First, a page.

Chasing likes, shares, follows and retweets can be a frustrating game and one that leaves you scratching your head. You could post something you think is eloquent, funny, thought-provoking and factual, yet have it pass everyone’s eyes without comment. Meanwhile, your friend who posts “Yay! Bacon is great!” gets 50 likes in half an hour.
In fact, on Facebook in particular, you might look at some of the most liked and shared posts and wonder whether poor quality ‘clickbait’ is the way forward. With thousands of people readily liking and sharing the silliest, most base-level content, why should you actually try to make your social media content clever and engaging?
Here’s an example of the sort of content I’m talking about. I haven’t gone far out of my way to find this – it was on my Facebook newsfeed while I was writing this article:
Ignoring the rogue apostrophes after the years (and some people might argue that slip-ups like this are slipped in intentionally to get people to comment on them), it’s easy to see why people click through to this sort of link. People like music, and they like a challenge. They’re told that if they get more than 6 out of 10, they’re special. If people learn that they’re special, they want to tell other people this, and the cycling of liking, sharing and clicking through to the quiz continues.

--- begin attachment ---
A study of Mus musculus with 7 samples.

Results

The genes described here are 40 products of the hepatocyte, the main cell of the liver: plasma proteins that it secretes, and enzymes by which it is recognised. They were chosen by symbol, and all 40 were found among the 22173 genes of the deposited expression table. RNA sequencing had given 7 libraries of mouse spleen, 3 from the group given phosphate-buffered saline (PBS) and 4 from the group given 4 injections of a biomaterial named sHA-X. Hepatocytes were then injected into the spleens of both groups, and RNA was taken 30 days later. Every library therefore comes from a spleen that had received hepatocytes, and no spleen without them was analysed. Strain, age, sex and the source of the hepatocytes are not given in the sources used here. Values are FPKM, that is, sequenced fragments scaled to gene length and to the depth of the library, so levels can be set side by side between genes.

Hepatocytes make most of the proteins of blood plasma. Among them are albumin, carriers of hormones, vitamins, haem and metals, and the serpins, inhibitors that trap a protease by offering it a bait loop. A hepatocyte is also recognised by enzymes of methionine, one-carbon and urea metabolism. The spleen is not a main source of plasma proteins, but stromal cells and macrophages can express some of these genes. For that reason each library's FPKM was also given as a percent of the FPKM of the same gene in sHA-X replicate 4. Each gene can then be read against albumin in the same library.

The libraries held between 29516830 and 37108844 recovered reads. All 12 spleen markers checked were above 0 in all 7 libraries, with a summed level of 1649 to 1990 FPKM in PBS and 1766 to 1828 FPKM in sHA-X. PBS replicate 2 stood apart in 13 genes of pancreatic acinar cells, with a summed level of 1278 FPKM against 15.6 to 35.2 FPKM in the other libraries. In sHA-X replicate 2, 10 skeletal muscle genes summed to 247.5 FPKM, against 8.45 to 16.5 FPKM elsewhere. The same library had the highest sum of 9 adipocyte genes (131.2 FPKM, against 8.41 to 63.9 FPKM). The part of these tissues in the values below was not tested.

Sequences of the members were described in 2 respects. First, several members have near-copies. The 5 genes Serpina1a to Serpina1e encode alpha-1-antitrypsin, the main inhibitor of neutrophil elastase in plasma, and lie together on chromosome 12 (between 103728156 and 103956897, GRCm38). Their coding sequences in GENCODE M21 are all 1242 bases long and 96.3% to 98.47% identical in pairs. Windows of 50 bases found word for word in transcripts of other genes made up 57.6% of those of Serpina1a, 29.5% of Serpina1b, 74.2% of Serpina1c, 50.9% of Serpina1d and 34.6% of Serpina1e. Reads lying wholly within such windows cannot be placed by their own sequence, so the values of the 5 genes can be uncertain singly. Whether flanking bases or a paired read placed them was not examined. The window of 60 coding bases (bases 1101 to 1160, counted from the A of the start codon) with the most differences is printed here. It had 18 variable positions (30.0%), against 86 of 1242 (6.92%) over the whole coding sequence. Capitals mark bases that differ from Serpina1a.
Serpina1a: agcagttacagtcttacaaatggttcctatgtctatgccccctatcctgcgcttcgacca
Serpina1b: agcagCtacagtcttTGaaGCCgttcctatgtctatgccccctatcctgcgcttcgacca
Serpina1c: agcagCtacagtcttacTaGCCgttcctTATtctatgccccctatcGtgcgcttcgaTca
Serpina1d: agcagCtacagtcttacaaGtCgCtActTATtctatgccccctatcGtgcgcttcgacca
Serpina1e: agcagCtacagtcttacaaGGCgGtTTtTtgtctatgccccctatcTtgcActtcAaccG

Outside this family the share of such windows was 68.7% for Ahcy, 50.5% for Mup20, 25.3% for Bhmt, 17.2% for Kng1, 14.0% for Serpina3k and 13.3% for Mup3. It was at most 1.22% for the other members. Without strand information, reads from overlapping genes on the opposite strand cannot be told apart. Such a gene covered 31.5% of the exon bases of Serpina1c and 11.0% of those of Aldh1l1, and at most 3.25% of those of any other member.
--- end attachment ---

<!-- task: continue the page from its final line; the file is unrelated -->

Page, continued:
Of course, the quiz itself is very easy. I had a quick go and scored 10 out of 10, and I’m much more an ‘80s and ‘90s music man than ‘60s and ‘70s. With points on offer for correctly identifying ‘The King’ as Elvis Presley and Brian May as a member of Queen rather than Brian April, I don’t think too many people would struggle to score six in this particular test. However, that’s the point – the more people perform well in the test, the more will share it. Few people are going to proudly announce that they scored 1 out of 10 in a music quiz, so making it nice and easy helps in the aim to get plenty of interaction.
This is by no means the worst example of poor quality content getting engagement. You’ve probably also seen nonsense like “I bet you can’t think of a city with an ‘a’ in its name”, and people still fall for the old “type a reply and see what happens” chestnut. Some are deeply dishonest, like the ‘win a car’ scams we’ve mentioned previously, yet thousands of social media users fall for them.
So if this works, why shouldn’t I do it? Why should I bother coming up with anything creative or interesting when “name a vegetable beginning with C” will get me much more interaction?
The simple answer is because gradually, social media users are wising up. Think of the very first time you picked up a newspaper, only for a lot of brightly coloured flyers and inserts to fall out of it. At first, this might have surprised and interested you, and you may have looked into the inserts. Gradually though, you learn that newspapers contain clutter that’s trying to sell something to you, and these items end up in the bin without a second glance.
It may take a while, but Facebook and Twitter users will eventually start to recognise this new form of ‘junk mail’, or the social media sites may come to learn how to detect it for themselves. Until then, it’s our job to put out more useful and helpful social media and minimise the dross.